What Are Compound Sentences? (with Examples)


A compound sentence has at least two independent clauses.

An independent clause (unlike a dependent clause) can stand alone as a sentence.

In a compound sentence, the two clauses are joined using:

Examples of Compound Sentences

Below are examples of compound sentences. In each example, the independent clauses are shaded.
  • Only two things are infinite, the universe and human stupidity, and I'm not sure about the former. (Albert Einstein, 1879-1955)
  • There used to be a real me, but I had it surgically removed. (Peter Sellers, 1925-1980)
  • Go, and never darken my towels again. (Groucho Marx, 1890-1977)
  • (Note: Go is the shortest sentence in English.)
  • Any fool can criticize, condemn, and complain - and most fools do. (Dale Carnegie)

The Four Types of Sentence Structure

A compound sentence is one of four main sentence structures, all of which are shown below. In these examples, the independent clauses are shaded.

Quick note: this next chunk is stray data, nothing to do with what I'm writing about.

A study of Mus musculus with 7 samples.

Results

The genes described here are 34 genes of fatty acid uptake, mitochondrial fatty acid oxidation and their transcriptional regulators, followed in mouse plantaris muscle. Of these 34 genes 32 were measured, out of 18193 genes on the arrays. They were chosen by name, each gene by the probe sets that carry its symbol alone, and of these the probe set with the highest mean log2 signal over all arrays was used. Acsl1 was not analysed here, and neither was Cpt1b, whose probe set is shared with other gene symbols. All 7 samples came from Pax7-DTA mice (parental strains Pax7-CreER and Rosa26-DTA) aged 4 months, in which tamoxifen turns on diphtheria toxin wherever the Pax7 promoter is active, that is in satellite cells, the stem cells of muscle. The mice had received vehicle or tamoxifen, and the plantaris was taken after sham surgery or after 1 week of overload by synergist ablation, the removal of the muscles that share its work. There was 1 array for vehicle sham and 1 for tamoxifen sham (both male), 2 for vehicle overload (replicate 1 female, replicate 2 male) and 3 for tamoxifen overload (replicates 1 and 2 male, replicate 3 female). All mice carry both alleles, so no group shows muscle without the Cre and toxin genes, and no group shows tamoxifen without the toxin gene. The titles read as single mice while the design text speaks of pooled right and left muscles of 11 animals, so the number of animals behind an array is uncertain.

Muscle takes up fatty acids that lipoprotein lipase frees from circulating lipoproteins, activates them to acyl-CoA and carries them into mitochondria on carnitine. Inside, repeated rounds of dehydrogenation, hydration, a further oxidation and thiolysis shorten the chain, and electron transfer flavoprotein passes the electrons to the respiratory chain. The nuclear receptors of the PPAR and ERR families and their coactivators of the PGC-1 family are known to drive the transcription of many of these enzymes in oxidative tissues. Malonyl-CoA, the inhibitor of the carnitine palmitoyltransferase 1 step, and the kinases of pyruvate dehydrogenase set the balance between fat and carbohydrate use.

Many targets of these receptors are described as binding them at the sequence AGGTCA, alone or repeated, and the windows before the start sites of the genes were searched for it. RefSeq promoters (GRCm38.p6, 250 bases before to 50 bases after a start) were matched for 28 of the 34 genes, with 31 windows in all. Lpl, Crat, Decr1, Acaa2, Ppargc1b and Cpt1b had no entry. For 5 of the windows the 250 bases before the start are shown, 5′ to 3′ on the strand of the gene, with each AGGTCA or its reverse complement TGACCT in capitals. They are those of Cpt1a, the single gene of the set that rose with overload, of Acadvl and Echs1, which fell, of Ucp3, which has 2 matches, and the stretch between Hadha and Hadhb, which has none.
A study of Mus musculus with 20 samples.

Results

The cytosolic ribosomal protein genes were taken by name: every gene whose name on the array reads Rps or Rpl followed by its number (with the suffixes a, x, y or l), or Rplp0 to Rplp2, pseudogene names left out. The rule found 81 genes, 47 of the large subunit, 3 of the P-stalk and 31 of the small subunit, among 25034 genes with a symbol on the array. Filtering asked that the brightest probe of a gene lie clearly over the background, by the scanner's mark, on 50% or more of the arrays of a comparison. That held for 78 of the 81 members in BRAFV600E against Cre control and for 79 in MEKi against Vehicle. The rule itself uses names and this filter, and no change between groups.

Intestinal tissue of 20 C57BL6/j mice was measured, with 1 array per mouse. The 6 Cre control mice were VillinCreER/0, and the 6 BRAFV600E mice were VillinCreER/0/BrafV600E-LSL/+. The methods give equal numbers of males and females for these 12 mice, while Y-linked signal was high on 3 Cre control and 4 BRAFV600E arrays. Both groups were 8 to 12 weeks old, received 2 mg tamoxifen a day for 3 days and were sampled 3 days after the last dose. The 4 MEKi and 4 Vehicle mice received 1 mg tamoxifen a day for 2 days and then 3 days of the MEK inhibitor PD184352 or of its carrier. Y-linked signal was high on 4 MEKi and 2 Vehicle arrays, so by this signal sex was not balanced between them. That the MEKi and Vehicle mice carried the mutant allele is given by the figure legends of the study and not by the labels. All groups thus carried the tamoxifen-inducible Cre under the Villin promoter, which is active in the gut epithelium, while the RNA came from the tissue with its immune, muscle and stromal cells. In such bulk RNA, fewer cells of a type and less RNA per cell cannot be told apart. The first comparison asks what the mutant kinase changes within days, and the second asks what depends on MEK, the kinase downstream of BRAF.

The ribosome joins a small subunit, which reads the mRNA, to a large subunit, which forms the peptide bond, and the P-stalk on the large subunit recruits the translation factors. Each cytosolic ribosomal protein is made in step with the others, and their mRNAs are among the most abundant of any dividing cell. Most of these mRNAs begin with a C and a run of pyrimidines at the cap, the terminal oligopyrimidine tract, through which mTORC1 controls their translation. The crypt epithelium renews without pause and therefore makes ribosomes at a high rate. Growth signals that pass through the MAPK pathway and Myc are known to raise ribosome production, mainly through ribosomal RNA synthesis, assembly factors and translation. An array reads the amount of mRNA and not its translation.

A Complex Sentence. A complex sentence has an independent clause and at least one dependent clause. For example:
  • Diplomacy is the art of saying "nice doggie" until you can find a rock. (Will Rogers, 1879-1935)
A Compound Sentence. A compound sentence has at least two independent clauses. For example:
  • Some men are born mediocre, some men achieve mediocrity, and some men have mediocrity thrust upon them. (Joseph Heller, 1923-1999) (Jane Wagner)
  • (This example has three independent clauses.)
A Simple Sentence. A simple sentence has just one independent clause. For example:
  • A country can be judged by the quality of its proverbs. (German Proverb)
A Compound-Complex Sentence.  A compound-complex sentence has at least two independent clauses and at least one dependent clause. For example:
  • I stopped believing in Santa Claus when my mother took me to see him in a department store, and he asked for my autograph. (Shirley Temple)
USE A COMMA BEFORE A COORDINATE CONJUNCTION THAT JOINS TWO INDEPENDENT CLAUSES

There is often confusion over whether to use a comma before a coordinate conjunction (i.e., a word like and and but). It is worth being able to spot a compound sentence because you should use a comma before a conjunction that joins two independent clauses. For example:
  • He is smart, and articulate.
  • He is smart, and he is articulate.
Read more about commas before conjunctions.